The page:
10 September 2016

UKYACX YA Blog Tour: Lindsey Barraclough talks Inspiration and Writing Long Lankin

Said my lord to my lady, as he mounted his horse:

‘Beware of Long Lankin that lives in the moss’.

Said my lord to my lady as he rode away:

‘Beware of Long Lankin that lives in the hay’.

As a teenager, I came across an old book of English folk songs, and found myself musing over such ditties as Six Dukes Went a-Fishing, Jack the Jolly Tar and The Basket of Eggs. The subject matter of these old ballads tended towards walks on Mayday mornings, courtship frolics and disappointments in love, mostly involving ploughmen, village maidens, an inordinate number of sailors, and surprisingly, cooked herrings. So imagine my shock, and indeed horror, when I turned a page and found a centuries-old seriously nasty song, bristling with menace, about someone, or something, called Long Lankin.

The doors were all bolted and the windows all pinned,

Except one little window where Long Lankin crept in.

You are never quite sure of the true nature of this individual (there are suggestions that he was a leper seeking a cure by witchcraft), but once inside the house, with the assistance of a ‘false nurse’ he kills a baby and drinks its blood, collected in a basin. For good measure the two of them also murder the child’s mother.

Here’s blood in the kitchen. Here’s blood in the hall.

Here’s blood in the parlour where my lady did fall.

For these ghastly crimes the creature is hung in a gibbet and the nurse burned in a fire close by…

Even more curiously, the ballad was recorded as being sung by a nun, Sister Emma, in Berkshire, in the early years of the last century, though it was in existence long, long before that and is known in varying forms in different parts of the British Isles.

Even the tune of this song has a sinuous, sinister shape.



Decades later, when my life was crazily busy with five boisterous children and the only time I had to myself was ridiculously late at night, this ballad literally came back to haunt me.

I was brought up in a wild and marshy place, of reeds and creeks and mud and pools, in the days when children were allowed to roam outside, playing unsupervised. That landscape has suffered much from development over the years, although pockets of it remain if you know where to look for them, but somehow the lost marshland of my childhood and that lost folksong came feverishly together over three months, mostly in the wee small hours of the morning, and became my first book Long Lankin.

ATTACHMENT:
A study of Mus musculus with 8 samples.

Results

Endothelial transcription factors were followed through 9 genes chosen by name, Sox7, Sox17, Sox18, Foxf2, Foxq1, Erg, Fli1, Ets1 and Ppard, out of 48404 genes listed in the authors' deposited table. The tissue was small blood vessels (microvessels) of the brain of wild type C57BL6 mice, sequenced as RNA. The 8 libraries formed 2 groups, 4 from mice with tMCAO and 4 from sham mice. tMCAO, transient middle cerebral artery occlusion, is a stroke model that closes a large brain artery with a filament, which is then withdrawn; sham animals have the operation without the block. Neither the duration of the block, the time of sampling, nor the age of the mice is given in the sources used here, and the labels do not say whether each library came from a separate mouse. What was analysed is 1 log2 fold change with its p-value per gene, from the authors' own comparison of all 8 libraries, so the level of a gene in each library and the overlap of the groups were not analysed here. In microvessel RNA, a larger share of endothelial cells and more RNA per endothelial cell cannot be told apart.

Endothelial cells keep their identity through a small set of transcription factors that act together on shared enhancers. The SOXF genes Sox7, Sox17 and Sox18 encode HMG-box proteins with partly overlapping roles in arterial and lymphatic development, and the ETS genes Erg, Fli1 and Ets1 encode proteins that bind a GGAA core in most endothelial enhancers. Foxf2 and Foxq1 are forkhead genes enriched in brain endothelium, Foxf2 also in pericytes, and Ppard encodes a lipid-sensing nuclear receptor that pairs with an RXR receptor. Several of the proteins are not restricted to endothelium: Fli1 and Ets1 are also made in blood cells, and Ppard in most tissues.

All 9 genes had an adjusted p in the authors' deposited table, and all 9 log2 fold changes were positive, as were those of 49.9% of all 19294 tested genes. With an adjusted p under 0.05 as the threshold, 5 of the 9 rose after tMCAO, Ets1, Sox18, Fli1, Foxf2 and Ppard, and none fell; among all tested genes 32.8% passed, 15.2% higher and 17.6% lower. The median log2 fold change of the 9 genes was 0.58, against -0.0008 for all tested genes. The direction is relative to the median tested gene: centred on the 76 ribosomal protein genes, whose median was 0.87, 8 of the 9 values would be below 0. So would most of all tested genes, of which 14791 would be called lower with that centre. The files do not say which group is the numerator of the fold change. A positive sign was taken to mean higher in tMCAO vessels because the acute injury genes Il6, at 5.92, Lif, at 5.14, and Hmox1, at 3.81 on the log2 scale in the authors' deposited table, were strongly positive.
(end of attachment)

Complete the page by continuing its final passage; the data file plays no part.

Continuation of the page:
It is set in 1958, and is inhabited by many of the odd and eccentric people I knew as a child, particularly the central character, my old aunt. Her ancient house, now sadly demolished, became Guerdon Hall in Long Lankin. I stayed in the house often as a child, and I think my poor aunt would have been mortified to know how many nightmares I suffered while sleeping in its crumbling walls.

I spent a couple of years working on the story, rewriting, and pruning, and eventually the tale found its way to Random House. Things then became quite exciting. I found myself in a new world altogether, travelling up and down the country attending festivals and book fairs and going into schools for talks and workshops on creative writing – all a far cry from scribbling away in the tiny little room at the top of our house, so small you can’t even stand up straight in it.

A couple of years later my next book The Mark of Cain was published, which can be read independently of the first, although it is a companion. It is set four years later, in 1962, and this time it is the ‘false nurse’ who takes centre stage, hell-bent on revenge, as with her dying breath she cursed the Guerdon family until the end of their line. Now there are only two young sisters left…

Beware of Long Lankin, that lives in the moss...

When Cora and her younger sister, Mimi, are sent to stay with their elderly aunt in the isolated village of Byers Guerdon, they receive a less than warm welcome. Auntie Ida is eccentric and rigid, and the girls are desperate to go back to London.

But what they don't know is that their aunt's life was devastated the last time two young sisters were at Guerdon Hall, and she is determined to protect her nieces from an evil that has lain hidden for years. Along with Roger and Peter, two village boys, Cora must uncover the horrifying truth that has held Bryers Guerdon in its dark grip for centuries -- before it's too late for little Mimi. 

Riveting and intensely atmospheric, this stunning debut will hold readers in its spell long after the last page is turned.